Chief medical officer told colleagues to delete WhatsApps ‘at end of every day’

Scotland’s chief medical officer told colleagues to delete WhatsApp messages “at the end of every day” during the pandemic, the Covid inquiry has heard.

Professor Sir Gregor Smith’s has added to a growing political storm around the retention of informal messages by senior decision makers and their advisers during the handling of Covid-19.

Former first minister Nicola Sturgeon and her deputy John Swinney did not retain messages, while the national clinical director, Professor Jason, Leitch said deleting messages was a “bedtime ritual”.

During an appearance before the inquiry on Monday, as it continues to take evidence in Edinburgh, a message from the chief medical officer in a group chat in July 2021 with other Government medical advisers was shown for the first time.

Screen grab from Covid Inquiry
The inquiry was shown messages sent by the chief medical officer (UK Covid-19 Inquiry

Deputy chief medical officer, Professor Graham Ellis, said “hope this isn’t FOI-able?” in reference to freedom of information, in an exchange where he appeared to joke about having “my own supply” of cannabis.

Responding, Sir Gregor said: “Delete at the end of every day…”

Asked about the comments, by counsel to the inquiry, Jamie Dawson KC, Sir Gregor said: “Scottish Government advice at this time was not to retain information for longer than it was necessary, it was to make sure that information that was pertinent, any information – particularly discussions which ended up in a decision – was captured within the corporate systems.

“My practice was to make sure that any information which was important in that way was then captured in email form on the system, was formally recorded so that it was an auditable trail, and I think you will see evidence of my approach to this within the conversations and within other conversations where I exalt other members of those conversations to do the same.”

Nicola Sturgeon
It was confirmed last week that former first minister Nicola Sturgeon had not submitted any messages from during the pandemic (Andrew Milligan/PA)

Asked if he deleted messages at the end of every day, Sir Gregor said: “If not at the end of every day then certainly on a frequent basis, I deleted information which was no longer needed to be kept.”

Information that the chief medical officer deemed pertinent would not be recorded “verbatim”, he added, saying the “essence” of decisions or information given would be.

Sir Gregor went on to say advice had been given to Scottish Government employees to regularly delete informal messages, “partly for security purposes”.

This comes after the inquiry was told by Mr Dawson that messages held by Nicola Sturgeon and John Swinney had been deleted, while logs from the national clinical director showed he said he regularly deleted messages.

Ms Sturgeon, however, said messages from her had been submitted to the inquiry by other people.

Scottish Tory chairman Craig Hoy accused senior Government officials of “effectively sneering” at the Scottish people during the pandemic.

He added: “We know this shocking culture of cover-up, and edicts to delete messages, came from the very top: Nicola Sturgeon and her senior SNP ministers.

“The nod-and-a-wink sniggering that went hand in hand with the industrial-scale deletion of messages points to the incriminating or embarrassing content contained within them.”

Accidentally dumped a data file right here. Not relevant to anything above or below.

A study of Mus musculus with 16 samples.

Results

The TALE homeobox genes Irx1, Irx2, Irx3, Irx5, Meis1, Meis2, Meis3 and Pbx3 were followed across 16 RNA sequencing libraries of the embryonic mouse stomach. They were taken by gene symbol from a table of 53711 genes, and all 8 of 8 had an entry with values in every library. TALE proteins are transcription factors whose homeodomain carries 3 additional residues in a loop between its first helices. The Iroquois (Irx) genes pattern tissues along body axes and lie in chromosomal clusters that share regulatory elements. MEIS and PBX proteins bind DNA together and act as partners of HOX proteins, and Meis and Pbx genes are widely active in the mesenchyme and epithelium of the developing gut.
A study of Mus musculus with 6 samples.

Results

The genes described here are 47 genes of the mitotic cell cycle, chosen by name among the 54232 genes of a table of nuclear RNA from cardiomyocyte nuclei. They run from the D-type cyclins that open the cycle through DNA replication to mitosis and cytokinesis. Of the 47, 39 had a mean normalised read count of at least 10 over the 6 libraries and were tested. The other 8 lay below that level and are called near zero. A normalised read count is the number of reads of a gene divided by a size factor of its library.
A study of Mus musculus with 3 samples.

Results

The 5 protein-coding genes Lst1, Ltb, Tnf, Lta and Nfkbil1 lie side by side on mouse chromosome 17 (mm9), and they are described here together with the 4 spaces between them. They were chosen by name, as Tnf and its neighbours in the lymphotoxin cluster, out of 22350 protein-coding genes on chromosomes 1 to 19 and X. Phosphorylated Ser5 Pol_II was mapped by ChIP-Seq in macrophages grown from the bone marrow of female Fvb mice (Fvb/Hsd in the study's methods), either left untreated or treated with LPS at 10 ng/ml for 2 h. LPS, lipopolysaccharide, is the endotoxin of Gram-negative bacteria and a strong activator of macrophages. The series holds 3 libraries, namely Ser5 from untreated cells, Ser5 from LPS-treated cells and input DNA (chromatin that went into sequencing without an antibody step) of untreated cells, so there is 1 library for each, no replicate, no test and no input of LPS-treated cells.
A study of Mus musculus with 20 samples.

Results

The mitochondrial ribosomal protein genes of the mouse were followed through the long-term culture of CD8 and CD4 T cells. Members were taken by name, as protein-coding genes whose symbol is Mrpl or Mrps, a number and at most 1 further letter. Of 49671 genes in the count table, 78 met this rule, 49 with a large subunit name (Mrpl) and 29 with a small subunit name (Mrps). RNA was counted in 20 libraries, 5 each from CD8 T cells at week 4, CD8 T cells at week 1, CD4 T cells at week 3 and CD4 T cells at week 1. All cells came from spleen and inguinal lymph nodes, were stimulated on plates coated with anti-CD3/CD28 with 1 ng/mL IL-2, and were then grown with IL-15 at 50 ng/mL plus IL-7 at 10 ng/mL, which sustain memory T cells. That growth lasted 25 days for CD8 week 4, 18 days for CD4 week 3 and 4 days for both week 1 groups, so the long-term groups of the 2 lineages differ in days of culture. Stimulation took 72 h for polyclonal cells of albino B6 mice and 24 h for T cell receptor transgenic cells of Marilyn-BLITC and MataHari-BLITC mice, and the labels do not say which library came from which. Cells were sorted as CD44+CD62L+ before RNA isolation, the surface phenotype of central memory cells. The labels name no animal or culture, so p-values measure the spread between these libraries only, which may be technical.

Those involved, he said, should “urgently explain their shameful, secretive and scandalous behaviour”.

Scottish Lib Dem leader Alex Cole-Hamilton accused the Scottish Government of destroying evidence “while families grieved”, as he pushed for Ms Sturgeon to appear before MSPs.

The chief medical officer, who took over the post after his predecessor, Dr Catherine Calderwood, broke lockdown rules to visit her second home, also told the inquiry the loss of life in Scotland due to Covid-19 was “inevitable” due to the scale of the pandemic.

Asked by Mr Dawson if the Scottish Government believed “no death from coronavirus was acceptable”, the chief medical officer said the phrase was not one that he recognised.

“Certainly from a clinical perspective, there was a deep realisation – tragic though it is, and it was an absolute tragedy for some families – that it was almost inevitable given the scale of the threat which was faced by a novel virus in a population that had no immunity to it, it was likely that there were going to be deaths,” he said.

The Scottish Government, he said, would do its best to try to “limit the harm” caused by the virus.

Later on Monday, Sir Gregor was asked about a Nike conference that was held in Edinburgh in early March 2020.

The Scottish Government had previously been accused of covering up information of a Covid-19 outbreak at the event, which took place at the capital’s Hilton Edinburgh Carlton hotel.

But, Sir Gregor said, his predecessor was “very against” circumstances where she could be responsible for the release of information about patients and had “high risk threshold” in relation.

He disagreed with Dr Calderwood’s decision not to release the information because of the public interest in the outbreak.

Sir Gregor told the inquiry that it had been international travel that “seeded” the virus throughout Scotland and that “in hindsight” he’d have advised against an international rugby match which took place between Scotland and France at Murrayfield on March 8, 2020.

The chief medical officer was also asked about the impact of Dr Calderwood’s resignation on the wider team after reports she had travelled to her second home in Fife, against Covid-19 restrictions that had been brought in.

He said: “The biggest impact it had was on the workload of the rest of the directorate – an important, trusted colleague was no longer there.”

The UK Covid-19 Inquiry will hear evidence from Scottish Government national clinical director, Jason Leitch on Tuesday.